I grew up as an only child in an abusive household. When I was seventeen, my mother, my cat, and I took what we could carry and moved most of the way across the country to start a new life. These two phases of my life have one thing in common: an intense longing for stability.
To me, stability meant a childhood bedroom that remained constant, a parent with a 9-to-5 job, and a one-way ticket to anything in the Ivy League. That, however, is not my story.
Over the next five years, I quickly learned that my favorite way to cope with my life was to frequently travel away from it. I kissed a giraffe in Kenya and a sea lion in Nassau. I rode an elevator 124 floors up and looked out over Dubai from the highest skyscraper in the world. I did not get into my dream school. I attended a small, private, liberal arts college not far from my new home. I struggled to adjust to college life; I ran away to Italy, Greece, and Turkey on a January term study abroad program.
We millennials have been conditioned to chase what our parents wanted: a ring before spring of our senior year, a modest-sized house in the suburbs, an office job, three kids and a dog; the most drastic changes in my life would be a new car every few years or maybe getting the hardwood floors refinished.
We are not living those lives—whether they are the lives our parents wanted or the lives they lived, they are not ours. I am coming to terms with the fact that the majority of my generation will never own a house. Many of us prefer cats or dogs to children. Some of us have eliminated the daily commute and have opted to work exclusively through our laptops.
When I was nineteen, on a guided tour for young people, I drank mojitos on a rooftop bar in Madrid with our tour director, Delia. She told me about her life guiding in Europe in the summer and wandering through Southeast Asia in the winter writing for a luxury travel blog. I mused over the thought that this is actually her life. I followed her through eleven countries, and a few years later I woke up in a small orange tent in the grasslands of Tibet to the clanging of pack-horse bells and dipped my hands in a small clear stream before making a cup of coffee.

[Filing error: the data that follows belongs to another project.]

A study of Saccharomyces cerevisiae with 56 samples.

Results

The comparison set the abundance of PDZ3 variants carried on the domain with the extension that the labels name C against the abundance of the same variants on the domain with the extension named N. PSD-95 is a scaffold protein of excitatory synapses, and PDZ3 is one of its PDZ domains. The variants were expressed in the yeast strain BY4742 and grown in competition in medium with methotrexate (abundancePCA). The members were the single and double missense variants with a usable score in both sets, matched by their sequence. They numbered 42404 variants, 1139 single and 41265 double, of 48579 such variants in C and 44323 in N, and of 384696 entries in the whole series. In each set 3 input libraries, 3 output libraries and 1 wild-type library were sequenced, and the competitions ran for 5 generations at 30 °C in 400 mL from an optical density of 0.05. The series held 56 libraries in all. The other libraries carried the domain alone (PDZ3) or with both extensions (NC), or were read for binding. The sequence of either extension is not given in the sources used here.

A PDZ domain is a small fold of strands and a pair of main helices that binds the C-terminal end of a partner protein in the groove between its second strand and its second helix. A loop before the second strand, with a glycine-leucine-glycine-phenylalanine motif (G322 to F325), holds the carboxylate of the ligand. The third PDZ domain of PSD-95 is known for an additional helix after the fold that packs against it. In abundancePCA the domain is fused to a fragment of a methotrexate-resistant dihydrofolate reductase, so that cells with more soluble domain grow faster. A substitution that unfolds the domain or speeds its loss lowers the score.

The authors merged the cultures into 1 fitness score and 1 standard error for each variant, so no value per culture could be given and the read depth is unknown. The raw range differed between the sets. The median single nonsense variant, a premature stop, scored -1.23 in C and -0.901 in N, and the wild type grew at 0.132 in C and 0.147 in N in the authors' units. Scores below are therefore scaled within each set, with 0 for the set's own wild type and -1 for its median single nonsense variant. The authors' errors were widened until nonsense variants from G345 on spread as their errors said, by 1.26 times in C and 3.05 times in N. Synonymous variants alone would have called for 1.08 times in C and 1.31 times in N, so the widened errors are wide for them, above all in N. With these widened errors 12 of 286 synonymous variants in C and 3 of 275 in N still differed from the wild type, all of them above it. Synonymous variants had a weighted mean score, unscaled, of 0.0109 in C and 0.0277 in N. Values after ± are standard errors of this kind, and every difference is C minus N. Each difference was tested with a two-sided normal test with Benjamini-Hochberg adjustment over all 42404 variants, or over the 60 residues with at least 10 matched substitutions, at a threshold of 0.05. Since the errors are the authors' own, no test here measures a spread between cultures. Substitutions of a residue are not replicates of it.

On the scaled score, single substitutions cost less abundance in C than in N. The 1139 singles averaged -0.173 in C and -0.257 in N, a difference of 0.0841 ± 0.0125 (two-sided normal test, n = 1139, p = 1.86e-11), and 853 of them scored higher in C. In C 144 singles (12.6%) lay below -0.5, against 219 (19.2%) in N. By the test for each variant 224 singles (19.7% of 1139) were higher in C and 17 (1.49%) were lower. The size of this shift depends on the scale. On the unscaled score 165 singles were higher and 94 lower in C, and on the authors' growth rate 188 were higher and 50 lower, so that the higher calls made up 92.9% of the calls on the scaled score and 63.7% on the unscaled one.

The truth is, I do not thrive in stability. I thrive in the few minutes of catching snow on my tongue in the Taklamakan Desert, in the seconds before a bungee jump fall, in the mornings that I wake up and eat watermelon surrounded by yaks. All along, thinking I was running away from my life, I was instead running towards it.
I do not believe in asking others “Where do you see yourself in five years?” I do not believe in wanting to know that—about others or about myself. We are at a juncture in our lives and in our generation where we can rewrite our rules and our wish lists. I do not believe in a successful life, but I do believe in a happy one. My wish list reads: In five years, I hope I will be surprised.